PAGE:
The Little Ways You Can Support Your Child with Speech Problems
A baby’s first words are music to a parent’s ears. Mothers and fathers compete with each other to get their baby to speak their first word. Both hoping their baby to mouth “mama” or “dada,” which is a delight of either parent. It’s nearly impossible to discern when a baby’s babbling and coos turn into a fully formed word. But hearing your baby’s first words will forever leave an imprint on your heart.
It’s exciting and nerve-wracking to wait when your little one speaks their first words, but when the child learns to talk can depend on their own time and pace. Most children begin speaking a few words by the end of 12 months. Speech development varies considerably between children, even within the same family. However, children tend to follow a natural progression for speech and language development. There are milestones that help speech and language pathologists identify when a child might need extra help.
A typical one or 2-year-old can speak between 3 to 50 words, and their vocabulary increases rapidly as they grow older. Your child’s brain is like a sponge during their birth and is developing at a rapid pace through the second year of life. But, if your young one hasn’t met those milestones, this may be a sign of speech delay or difficulties. Now, this does not always mean that there is something wrong with your child. Developmental milestones are just guidelines. It’s important that you speak with a speech and language pathologist before you diagnose your child. Speech and language pathologists are experts in this aspect, and they know how to assess the problem.
As much as possible, you would want to build positive communication experiences for your child; may the child be a shy one or have articulation problems. There are plenty of things you can do to help and successfully converse with your child with speech difficulties.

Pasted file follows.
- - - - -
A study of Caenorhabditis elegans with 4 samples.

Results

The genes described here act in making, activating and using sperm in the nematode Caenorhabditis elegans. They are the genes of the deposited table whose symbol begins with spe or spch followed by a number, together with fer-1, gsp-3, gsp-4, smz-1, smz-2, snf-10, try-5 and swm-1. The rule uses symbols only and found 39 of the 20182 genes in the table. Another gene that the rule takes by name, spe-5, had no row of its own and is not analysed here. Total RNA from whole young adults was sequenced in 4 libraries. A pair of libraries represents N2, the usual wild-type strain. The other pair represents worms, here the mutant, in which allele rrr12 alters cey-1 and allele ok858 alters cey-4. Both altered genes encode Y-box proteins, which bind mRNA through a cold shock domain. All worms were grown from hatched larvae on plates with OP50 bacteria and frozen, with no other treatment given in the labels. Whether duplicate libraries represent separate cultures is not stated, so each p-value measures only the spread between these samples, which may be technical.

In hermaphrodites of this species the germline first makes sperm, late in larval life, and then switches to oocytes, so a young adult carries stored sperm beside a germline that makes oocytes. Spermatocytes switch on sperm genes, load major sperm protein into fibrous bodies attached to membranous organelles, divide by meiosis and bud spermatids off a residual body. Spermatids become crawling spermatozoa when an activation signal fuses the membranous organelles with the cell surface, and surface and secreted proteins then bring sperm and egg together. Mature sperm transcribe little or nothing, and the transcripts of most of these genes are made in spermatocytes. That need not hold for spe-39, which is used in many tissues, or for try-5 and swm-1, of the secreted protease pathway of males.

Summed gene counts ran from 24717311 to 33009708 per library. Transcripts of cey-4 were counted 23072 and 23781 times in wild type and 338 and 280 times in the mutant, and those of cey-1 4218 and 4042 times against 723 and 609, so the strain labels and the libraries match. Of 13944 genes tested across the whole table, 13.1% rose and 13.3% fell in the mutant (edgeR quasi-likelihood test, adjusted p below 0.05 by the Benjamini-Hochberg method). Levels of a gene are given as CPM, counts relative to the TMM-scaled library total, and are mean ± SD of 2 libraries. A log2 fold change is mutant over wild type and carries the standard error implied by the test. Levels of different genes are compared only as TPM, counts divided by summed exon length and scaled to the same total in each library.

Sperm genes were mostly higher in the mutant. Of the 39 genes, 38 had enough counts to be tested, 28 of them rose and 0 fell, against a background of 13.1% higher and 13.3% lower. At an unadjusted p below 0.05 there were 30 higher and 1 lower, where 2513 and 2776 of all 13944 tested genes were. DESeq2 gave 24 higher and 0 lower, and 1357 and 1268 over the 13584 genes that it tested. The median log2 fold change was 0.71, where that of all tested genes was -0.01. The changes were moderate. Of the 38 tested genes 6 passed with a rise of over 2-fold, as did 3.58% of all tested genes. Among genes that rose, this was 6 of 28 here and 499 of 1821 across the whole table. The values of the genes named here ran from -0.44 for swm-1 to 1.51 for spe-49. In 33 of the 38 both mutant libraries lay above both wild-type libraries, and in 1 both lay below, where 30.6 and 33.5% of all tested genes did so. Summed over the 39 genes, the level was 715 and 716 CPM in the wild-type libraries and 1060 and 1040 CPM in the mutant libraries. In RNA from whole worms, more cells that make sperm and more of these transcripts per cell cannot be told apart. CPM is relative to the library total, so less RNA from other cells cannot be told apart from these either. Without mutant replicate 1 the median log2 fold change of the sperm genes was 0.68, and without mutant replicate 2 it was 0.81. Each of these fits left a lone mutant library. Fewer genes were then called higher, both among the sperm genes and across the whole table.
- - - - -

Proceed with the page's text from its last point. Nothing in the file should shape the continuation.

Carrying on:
You might think that the best way to help your child with a speech problem is to try and finish their words, sentences, or thoughts for them. However, doing this is not only rude as someone interrupting you, but it gives them the impression that they are incapable of speaking on their own. You might think that you’re only helping, but this can actually discourage a child from even trying to talk. This often results in a child becoming shy or selectively mute. So, instead of interrupting them, give your child the opportunity to finish their words without putting any pressure. Show them that you’re listening to every word that comes out of their mouth.
Read Books Together
You’ll find that reading books together is a great way to bond with your child. However, this is also an excellent method to support your child’s speech development. Children with speech difficulties may have a hard time saying words clearly and sharing their thoughts with words. Reading together hits two birds with one stone. Reading to your child every day strengthens their speech and language skills. Books like Jo Ann Gramlich’s Talk, Play, and Read with Me Mommy is the perfect book to read together as this aims to help in the area you’re helping your child with. This book contains amazing interactive activities to enhance your young one’s speech skills. Moreover, reading not only helps your child, but you’re also giving them the best gift that will last a lifetime— the love of books.
Encourage Through Show and Tell
A child can have a hard time understanding a simple word and what it means. Children may also have a hard time pronouncing words which can be hard for you to understand. Hence, if you’re struggling to understand a critical word, ask them to show and tell you. For example, your child calls a bunny a bun bun. Ask them if they can show it to you. This way, they can attempt to communicate well with you, and you will be equipped to understand them the next time.
If your child tends to echo or repeat what you say, that’s how they’re learning. You can use this to your advantage. The use of repetition is a subtle way to correct your child’s pronunciation without giving the impression that you are criticizing or interrupting them. By repeating what your child has said, you produce a good language model and show them that you have listened to what they have said. The second way to use this is to encourage your child to fill the gaps of understanding. This shows that you are trying to understand what the child is saying. This also gives them a chance to repeat their message more clearly.
Lastly, these simple acts are only measures for your child’s difficulties that supplement the treatments of a speech and language pathologist. Bear in mind that parents are the critical factor to their child’s development. Hence, don’t give up, have patience, and continue supporting your child throughout.